June 28, 2009

In Namibia, the International Community for Women Living with HIV/AIDS (ICW) has been investigating reports of HIV-positive women being sterilized without informed consent. They have uncovered cases in which women were told to sign consent tubes which listed the procedural known as bitubal ligation simply as BTL with no explanation and certainly no indication that it would result in permanent infertility. Indeed, some of the forms were entirely in English and not translated into the home languages of the women who were to undergo the procedure. According to Saima Moses of the ICW:

It’s a kind of discrimination. Nowadays, if you’re HIV-positive, you can have a healthy child and it’s your right [but] to doctors it’s like because a woman is HIV-positive, why should they have a child? [Doctors] assume that child is always going to be sick.

One woman tells of how she narrowly escape being sterilized:

I gave birth early at seven months – the doctors said couldn’t give me an operation [which she believed to be routine follow-up] then so they booked me for another month. When I arrived, a nurse asked me why I was there. I told her I was booked into theatre, that’s why I’m here.

First thing, when I got there I asked the nurse about this paper they gave me to sign, I was like, ‘What’s this BTL?’ She was like, ‘Can’t you see I’m alone here and I’m busy? Just sign the paper and put it on the desk. I’ll come and tell you later.

The next morning when I went to the theatre, the electricity went off so I went back to the wards to change and wait for the next day. So another came in and this time she was friendly so I asked her what a ‘BTL’ was and she started explaining.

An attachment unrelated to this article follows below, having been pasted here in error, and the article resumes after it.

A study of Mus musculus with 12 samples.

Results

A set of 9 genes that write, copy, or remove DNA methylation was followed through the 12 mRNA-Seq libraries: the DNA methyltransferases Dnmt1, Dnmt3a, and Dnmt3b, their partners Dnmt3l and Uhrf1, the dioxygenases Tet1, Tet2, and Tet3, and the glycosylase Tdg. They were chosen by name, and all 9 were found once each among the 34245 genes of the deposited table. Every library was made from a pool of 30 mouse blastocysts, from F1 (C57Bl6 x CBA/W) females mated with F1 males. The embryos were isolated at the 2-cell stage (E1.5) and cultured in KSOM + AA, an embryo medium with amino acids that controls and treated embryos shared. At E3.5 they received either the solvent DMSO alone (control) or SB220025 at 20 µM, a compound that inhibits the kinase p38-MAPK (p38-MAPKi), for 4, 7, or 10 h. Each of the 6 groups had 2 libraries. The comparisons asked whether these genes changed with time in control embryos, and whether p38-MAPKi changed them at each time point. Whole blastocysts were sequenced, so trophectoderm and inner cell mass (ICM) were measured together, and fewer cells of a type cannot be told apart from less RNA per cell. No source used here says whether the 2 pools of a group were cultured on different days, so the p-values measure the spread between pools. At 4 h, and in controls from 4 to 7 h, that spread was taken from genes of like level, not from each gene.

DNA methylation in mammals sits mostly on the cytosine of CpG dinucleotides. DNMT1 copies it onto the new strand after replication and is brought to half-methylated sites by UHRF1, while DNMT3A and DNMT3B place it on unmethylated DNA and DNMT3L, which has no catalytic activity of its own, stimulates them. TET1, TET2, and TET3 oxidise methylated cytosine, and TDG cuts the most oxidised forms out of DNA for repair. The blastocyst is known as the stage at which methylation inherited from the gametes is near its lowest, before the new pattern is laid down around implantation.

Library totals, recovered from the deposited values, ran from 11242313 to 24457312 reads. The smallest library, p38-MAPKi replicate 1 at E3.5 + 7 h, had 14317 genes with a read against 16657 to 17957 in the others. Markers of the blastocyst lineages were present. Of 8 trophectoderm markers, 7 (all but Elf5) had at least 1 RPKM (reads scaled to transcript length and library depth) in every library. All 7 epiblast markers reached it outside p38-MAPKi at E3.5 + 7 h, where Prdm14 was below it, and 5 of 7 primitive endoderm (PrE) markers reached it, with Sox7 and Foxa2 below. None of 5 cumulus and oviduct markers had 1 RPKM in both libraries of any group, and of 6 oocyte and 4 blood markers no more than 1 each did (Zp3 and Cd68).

I was like, ‘What? You’re trying to deny me giving birth to my child? Even it it’s born sick, let me take care of it.’ She said, fine then you should make a plan and leave this hospital.

That’s exactly what she did, taking her friend who was scheduled for the same procedure with her.

Two women who were not so fortunate are waiting for trial dates so that, with the support of ICW and the Legal Assistance Centre, they can seek some redress. An additional six cases could go to trial by the end of this year.

Fighting for the rights of women like these is an essential part of fighting for reproductive rights. Being pro-choice means insisting that women have a right to give birth if they choose to, just as they have a right not to do so.

  1. Colleen permalink
    June 29, 2009 3:08 am

    I have heard a similar story of women being bullied/coerced/tricked into being sterilized in South Africa. Although in this case I’m not so sure it was that bad.
    A doctor who worked in a rural area once told me that he had several times pushed women into having their “tubes tied” because basically they had no power to say no to their husbands/boyfriends or make them wear condoms. Most of these women were not employed and neither were their partners. Frequently the “dads” would not stick around long enough to help care for their progeny and many of these women were saddled with 5 kids already with very little means of supporting them. I think that it is culturally frowned upon to seek infertility actively even if you already have many children.
    While tricking illiterate women into signing something that they don’t really understand is morally reprehensible, I think in this case advocating strongly for sterilisation is a positive thing for a doctor to do.

    • Emily permalink*
      June 29, 2009 11:57 am

      I think that I agree with you, Colleen, but I don’t know if I would like a doctor to strongly advocate for sterilisation. While I understand that women cannot say no to their husbands/boyfriends in the case that you mention, I also think that everyone should be allowed fertility. I think it should be ultimately the woman’s choice to have her tubes tied, and though I would like to see doctors explaining to these women different options, including getting her tubes tied for her own mental and physical health, I do not think that advocating strongly for sterilisation is the only thing to do in helping these women. I think it’s treading a fine line between coerced and convinced.